Sitefinder II, the sequel...

Joe Greco jgreco at
Tue Jul 11 12:40:40 UTC 2006

Patrick writes:
> I'm not going to use the service either, but for different reasons  
> than you state.  And it does have "many of the same flaws" as  
> Sitefinder.

Yes, it does.  However, many of those flaws revolve around servers being
forced to opt in to the (original) Sitefinder; it should be clear that
you do not want servers participating in this, and you have the option to
make it so.

Regardless, this may create some operational challenges - both for client
sites and for OpenDNS.  I note with some amusement that their home page 
says "22,340,882 DNS requests", which is a trivial number of requests.
Obviously anycast will help the service scale in the traditional manner, 
but depending on the amount of "smart" they're trying to do, they could
be adding a lot of work to the process of handling errors (fortunately
they seem to be doing nothing significant at the DNS level).  I think of 
the sheer volume of bogus traffic at the roots, for example.

Client sites with dedicated recursers are going to be presented with a
challenge:  if their servers use the recursers, then will they set up
a parallel set of caching forwarding recursers for desktop-to-OpenDNS
use, or will they simply let OpenDNS be their default resolver for
desktops?  (etc)  What happens if/when OpenDNS gets too busy, or fails,
or goes TU?

DNS was designed to be a distributed network for name resolution.  The
whole concept of OpenDNS, while clever, seems to violate - at least 
somewhat - the spirit behind DNS.  Taken to the extreme, every desktop
on the planet would be pointed to their servers, and at that point, we
essentially have something resembling a centralized host file database 
server.  We'll effectively have eliminated the distributed caching
recurser network, and be left only with the authoritative server tree,
which would be better integrated into OpenDNS too at that point.  Of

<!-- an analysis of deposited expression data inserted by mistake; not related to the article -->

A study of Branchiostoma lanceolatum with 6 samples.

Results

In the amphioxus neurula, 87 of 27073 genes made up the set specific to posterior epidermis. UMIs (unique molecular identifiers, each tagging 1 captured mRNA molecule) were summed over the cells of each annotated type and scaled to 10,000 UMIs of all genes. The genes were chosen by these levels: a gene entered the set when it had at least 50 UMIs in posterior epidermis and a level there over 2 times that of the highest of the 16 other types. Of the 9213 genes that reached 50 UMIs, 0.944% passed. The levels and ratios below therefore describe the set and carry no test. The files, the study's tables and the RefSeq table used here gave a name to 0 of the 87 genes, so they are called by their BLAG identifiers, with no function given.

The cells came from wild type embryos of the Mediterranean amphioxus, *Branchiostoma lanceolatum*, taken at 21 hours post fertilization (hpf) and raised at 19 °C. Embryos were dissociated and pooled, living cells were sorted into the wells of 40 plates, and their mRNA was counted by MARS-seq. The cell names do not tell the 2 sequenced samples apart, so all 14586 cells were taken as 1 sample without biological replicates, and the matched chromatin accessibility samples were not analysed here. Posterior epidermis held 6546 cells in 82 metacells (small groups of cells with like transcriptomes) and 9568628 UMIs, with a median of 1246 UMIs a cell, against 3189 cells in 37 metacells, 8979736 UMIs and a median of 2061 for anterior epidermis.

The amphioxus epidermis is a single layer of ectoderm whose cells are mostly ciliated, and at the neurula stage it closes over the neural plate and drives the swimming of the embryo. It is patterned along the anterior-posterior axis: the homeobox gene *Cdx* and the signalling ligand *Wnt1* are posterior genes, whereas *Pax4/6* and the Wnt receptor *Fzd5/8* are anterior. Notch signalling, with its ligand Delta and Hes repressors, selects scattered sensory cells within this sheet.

course, we're not likely to see anywhere near 100% penetration of

> But Sitefinder had only one fatal flaw: The Lack Of Choice.
> Obviously that flaw is not shared.

It is merely replaced with another (others?).  I believe Paul Vixie 
was just recently reminding people about DNS coherence in the thread 
"DNS Based Load Balancers", and I expected to see that objection show 
up here right away.

I have not been convinced that coherence is a property that *must* be
maintained within the DNS, though I see certain portions that must
obviously remain coherent.  I've written DNS based load balancers in
the past, which worked very successfully for their intended application,
so my views may be mildly slanted.

I would be curious to know exactly how invasive this is into the system,
and what sorts of things are done.  I did do some poking at their
resolver with some queries, and here's what I noticed.


Name:    www.sol.nte

okay, that makes sense

> www.<someofflinedomain>.com.
*** Request to timed-out

okay, that's fine (domain has inaccessible NS's)

but this:


bothers me.

It almost looks like their "magic technology" was to take nonexistent
results and replace them with their web redirector.  I don't *think*
the original Sitefinder behaved like that for delegated domains, though
I really cannot recall the exact effect of a wildcard in this case.

There are still numerous security risks associated with losing final
control over your namespace, and there is also the attractiveness factor
for crackers - it'd be a really scary thing to have a lot of people
using this and then have a cache entry for a major bank get corrupted or
inserted maliciously.

> Of course, everyone should feel free to espouse their opinions on the  
> service, and use it or not, and try to persuade others to use it or  
> not.  But just like any other service, software, protocol, or other  
> _optional_ choice in running your network (or home computer), we will  
> just have to let the market decide.  Chances are, there's enough  
> Internet to go around for everyone, whether they use the service or not.

Well, it may not be perfect, but it is at least a "Sitefinder done (more)
right" than the last spectacle.  I have my reservations.

... JG
Joe Greco - Network Services - Milwaukee, WI -
"We call it the 'one bite at the apple' rule. Give me one chance [and] then I
won't contact you again." - Direct Marketing Ass'n position on e-mail spam(CNN)
With 24 million small businesses in the US alone, that's way too many apples.